The Role of Parenthood in Politics

The first major comparative analysis of the role of parenthood in politics, this book raises important questions about the intersection of gender, parental status, and political life.

This perceptive intellectual history of masculinity in nineteenth- and twentieth-century Quebec explores how the concept of manhood shaped French Canadian culture and an emerging Quebec nationalism.

The first book of its kind in North America, this collection of original works promises to transform the future of social work education by equipping scholars and students with a new appreciation of queer strengths and experiences.

Transnational Networks and Gendered Bodies in the Study of Psychic Phenomena, 1918-40

In this enthralling study of the ethereal, the scientific, and the strange, Beth A. Robertson investigates the gendered world of the seance, a place where self-proclaimed “psychic researchers” laid claim to objectivity and where spiritual mediums and the spirits they channeled resisted their methods.

Revitalizing Feminism in Neoliberal Ontario

Drawing on the experiences of three YWCA women’s shelters in Ontario, this book exposes the dangers for women that are embedded in government neoliberal policies and reveals how feminism can counteract this pervasive ideology.

Critical Theory, New Materialisms, and Technologies of Embodiment

Harnessing the strengths of social theory and new materialisms, this book advances a new critical theory of masculinity.

Women and Planning in Canada

A compelling new perspective on Canada’s planning history that offers a counter-narrative to the “official” story of the profession, one that has generally overlooked the contributions of women and the Community Planning Association of Canada.

LGBTQ Teens and Bullying in Schools

Am I Safe Here? treats LGBTQ students as the experts in their own schools, revealing that, to achieve safety and equity, nothing less than a total culture change is needed.

Gender, Race, and Victoria’s Chinese Rescue Home, 1886-1923

A fascinating and critical study of the Chinese Rescue Home, an iconic institution in Victoria, BC, where members of the Women’s Missionary Society taught domestic skills to Chinese and Japanese women believed to be prostitutes, slave girls, or to be at risk of falling into these roles.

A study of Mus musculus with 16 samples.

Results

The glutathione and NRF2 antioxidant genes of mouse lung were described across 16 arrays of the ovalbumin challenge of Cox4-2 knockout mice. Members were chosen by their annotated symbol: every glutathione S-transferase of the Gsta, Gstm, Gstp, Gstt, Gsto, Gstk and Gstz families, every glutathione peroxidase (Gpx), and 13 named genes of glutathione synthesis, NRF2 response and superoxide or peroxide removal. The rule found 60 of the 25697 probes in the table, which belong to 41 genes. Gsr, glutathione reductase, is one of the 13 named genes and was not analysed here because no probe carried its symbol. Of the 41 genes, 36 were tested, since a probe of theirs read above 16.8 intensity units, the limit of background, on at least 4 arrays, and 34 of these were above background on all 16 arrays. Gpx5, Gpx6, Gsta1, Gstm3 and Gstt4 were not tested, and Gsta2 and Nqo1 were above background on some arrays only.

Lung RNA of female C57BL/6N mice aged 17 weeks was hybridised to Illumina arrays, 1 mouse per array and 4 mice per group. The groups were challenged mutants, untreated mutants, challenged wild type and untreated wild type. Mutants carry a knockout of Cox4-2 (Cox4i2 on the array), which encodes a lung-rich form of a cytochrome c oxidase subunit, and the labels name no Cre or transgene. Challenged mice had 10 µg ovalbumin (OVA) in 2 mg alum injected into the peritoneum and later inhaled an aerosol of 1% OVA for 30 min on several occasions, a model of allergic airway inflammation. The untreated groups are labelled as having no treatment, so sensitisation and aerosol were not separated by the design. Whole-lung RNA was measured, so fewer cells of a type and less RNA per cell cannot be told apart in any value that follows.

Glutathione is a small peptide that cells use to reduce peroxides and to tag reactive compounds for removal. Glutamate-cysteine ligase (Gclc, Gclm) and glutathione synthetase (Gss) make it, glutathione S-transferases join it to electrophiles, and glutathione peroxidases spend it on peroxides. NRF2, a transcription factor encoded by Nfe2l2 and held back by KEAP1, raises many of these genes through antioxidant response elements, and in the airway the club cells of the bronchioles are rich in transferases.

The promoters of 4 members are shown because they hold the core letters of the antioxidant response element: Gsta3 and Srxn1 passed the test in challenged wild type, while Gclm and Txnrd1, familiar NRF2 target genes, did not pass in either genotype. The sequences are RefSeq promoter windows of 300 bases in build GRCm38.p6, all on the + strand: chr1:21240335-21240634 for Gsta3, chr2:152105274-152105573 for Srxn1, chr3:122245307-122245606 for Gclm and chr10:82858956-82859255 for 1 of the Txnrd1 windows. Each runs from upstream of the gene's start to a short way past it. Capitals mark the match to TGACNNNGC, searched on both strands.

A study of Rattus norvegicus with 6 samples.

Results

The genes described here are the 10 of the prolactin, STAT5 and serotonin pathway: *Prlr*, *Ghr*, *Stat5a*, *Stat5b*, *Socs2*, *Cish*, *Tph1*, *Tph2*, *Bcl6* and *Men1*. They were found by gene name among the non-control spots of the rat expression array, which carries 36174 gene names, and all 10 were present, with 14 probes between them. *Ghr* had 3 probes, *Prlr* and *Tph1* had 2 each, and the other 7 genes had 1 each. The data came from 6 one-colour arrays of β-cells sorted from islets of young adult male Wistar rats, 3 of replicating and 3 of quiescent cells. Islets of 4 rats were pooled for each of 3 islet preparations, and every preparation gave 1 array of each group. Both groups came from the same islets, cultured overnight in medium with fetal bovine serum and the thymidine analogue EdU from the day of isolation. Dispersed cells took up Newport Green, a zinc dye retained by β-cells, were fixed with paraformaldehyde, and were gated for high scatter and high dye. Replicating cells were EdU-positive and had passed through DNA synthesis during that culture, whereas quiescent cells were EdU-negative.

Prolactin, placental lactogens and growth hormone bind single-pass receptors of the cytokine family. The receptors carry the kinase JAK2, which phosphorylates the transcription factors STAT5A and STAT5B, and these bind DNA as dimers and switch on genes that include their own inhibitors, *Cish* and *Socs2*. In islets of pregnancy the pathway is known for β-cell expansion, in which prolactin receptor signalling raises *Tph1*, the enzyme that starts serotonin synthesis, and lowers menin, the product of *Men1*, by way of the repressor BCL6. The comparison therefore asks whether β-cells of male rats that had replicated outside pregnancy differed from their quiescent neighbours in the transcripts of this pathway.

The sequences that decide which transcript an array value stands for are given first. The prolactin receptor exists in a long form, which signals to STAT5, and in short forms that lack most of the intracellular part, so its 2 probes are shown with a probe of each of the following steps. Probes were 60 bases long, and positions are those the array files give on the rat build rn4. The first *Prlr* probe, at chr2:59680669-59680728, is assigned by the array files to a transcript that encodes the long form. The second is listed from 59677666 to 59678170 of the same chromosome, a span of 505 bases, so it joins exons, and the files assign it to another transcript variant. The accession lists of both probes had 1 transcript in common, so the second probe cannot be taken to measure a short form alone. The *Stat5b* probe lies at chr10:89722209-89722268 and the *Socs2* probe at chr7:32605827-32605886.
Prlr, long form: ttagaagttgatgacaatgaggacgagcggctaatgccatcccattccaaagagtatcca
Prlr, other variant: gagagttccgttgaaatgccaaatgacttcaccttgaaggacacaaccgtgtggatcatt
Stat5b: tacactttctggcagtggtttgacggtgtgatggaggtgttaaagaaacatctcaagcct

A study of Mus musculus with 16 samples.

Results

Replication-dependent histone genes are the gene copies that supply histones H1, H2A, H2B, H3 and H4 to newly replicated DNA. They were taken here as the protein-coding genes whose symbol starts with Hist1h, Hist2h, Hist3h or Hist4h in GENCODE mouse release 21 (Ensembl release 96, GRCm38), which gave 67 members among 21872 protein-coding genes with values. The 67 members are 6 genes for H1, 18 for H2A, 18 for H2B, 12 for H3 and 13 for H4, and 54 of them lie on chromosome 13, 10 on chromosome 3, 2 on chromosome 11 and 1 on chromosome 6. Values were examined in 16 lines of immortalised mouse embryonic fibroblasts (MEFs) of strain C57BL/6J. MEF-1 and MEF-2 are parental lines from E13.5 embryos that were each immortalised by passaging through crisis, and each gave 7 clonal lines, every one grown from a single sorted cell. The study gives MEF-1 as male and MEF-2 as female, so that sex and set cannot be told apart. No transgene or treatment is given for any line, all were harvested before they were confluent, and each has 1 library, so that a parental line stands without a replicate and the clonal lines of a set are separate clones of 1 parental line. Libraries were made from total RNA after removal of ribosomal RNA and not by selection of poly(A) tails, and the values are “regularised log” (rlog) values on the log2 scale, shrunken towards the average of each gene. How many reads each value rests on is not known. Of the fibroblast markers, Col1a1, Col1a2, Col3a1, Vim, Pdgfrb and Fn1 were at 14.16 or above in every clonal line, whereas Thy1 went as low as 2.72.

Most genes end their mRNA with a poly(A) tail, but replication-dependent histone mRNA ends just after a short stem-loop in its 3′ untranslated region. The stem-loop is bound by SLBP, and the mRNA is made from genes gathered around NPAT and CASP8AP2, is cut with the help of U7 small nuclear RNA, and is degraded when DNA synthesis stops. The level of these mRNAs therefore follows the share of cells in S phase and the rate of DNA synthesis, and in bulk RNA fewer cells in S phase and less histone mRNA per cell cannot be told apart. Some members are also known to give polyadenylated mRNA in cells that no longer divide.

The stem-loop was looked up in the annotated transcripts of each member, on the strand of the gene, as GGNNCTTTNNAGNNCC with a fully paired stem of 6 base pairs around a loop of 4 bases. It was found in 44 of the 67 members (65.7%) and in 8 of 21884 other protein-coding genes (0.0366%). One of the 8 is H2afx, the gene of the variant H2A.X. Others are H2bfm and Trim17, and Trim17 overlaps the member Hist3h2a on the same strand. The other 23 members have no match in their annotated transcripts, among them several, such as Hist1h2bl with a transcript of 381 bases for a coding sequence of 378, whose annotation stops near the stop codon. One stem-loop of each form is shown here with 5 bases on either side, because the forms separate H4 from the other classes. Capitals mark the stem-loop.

Gender and Diversity in the Federal System

Parole in Canada explores how concerns about aboriginality, gender, and the multicultural ideal of “diversity” have altered parole policy and practice – and asks whether these changes go far enough.

Cultural Constructions of Aboriginal Life in Postwar Canada

The Iconic North explores how the “modern” South crafted cultural images of a “primitive” North that reflected its own preconceived notions and social, political, and economic interests.

Violence at Work in the North American Auto Industry, 1960–80

The first full-length historical exploration of individual violence in the automotive industry, Blood, Sweat, and Fear taps the class, race, and gendered roots of the workplace as battleground.

How Pharmaceutical Funding Changed the Breast Cancer Movement

In this unsettling analysis of the breast cancer movement in Canada, health activist, scholar, award-winning journalist, and cancer survivor Sharon Batt investigates the changing relationship between patient advocacy groups and the pharmaceutical industry, as well as the contentious role of pharma funding.

Maternalism and Women’s Political Activism in Postwar Canada

This fresh look at Canadian women’s political engagement during the Cold War reveals that whether they were on the “left” or “right” end of the political spectrum, women were motivated by similar concerns and the desire to forge a new vision for their nation.

Girlhood, Empire, and Internationalism in the 1920s and 1930s

By analyzing how the Girl Guide movement sought to maintain social stability in England, Canada, and India during the 1920s and 1930s, this book reveals the ways in which girls and young women understood, reworked, and sometimes challenged the expectations placed on them by the world’s largest voluntary organization for girls.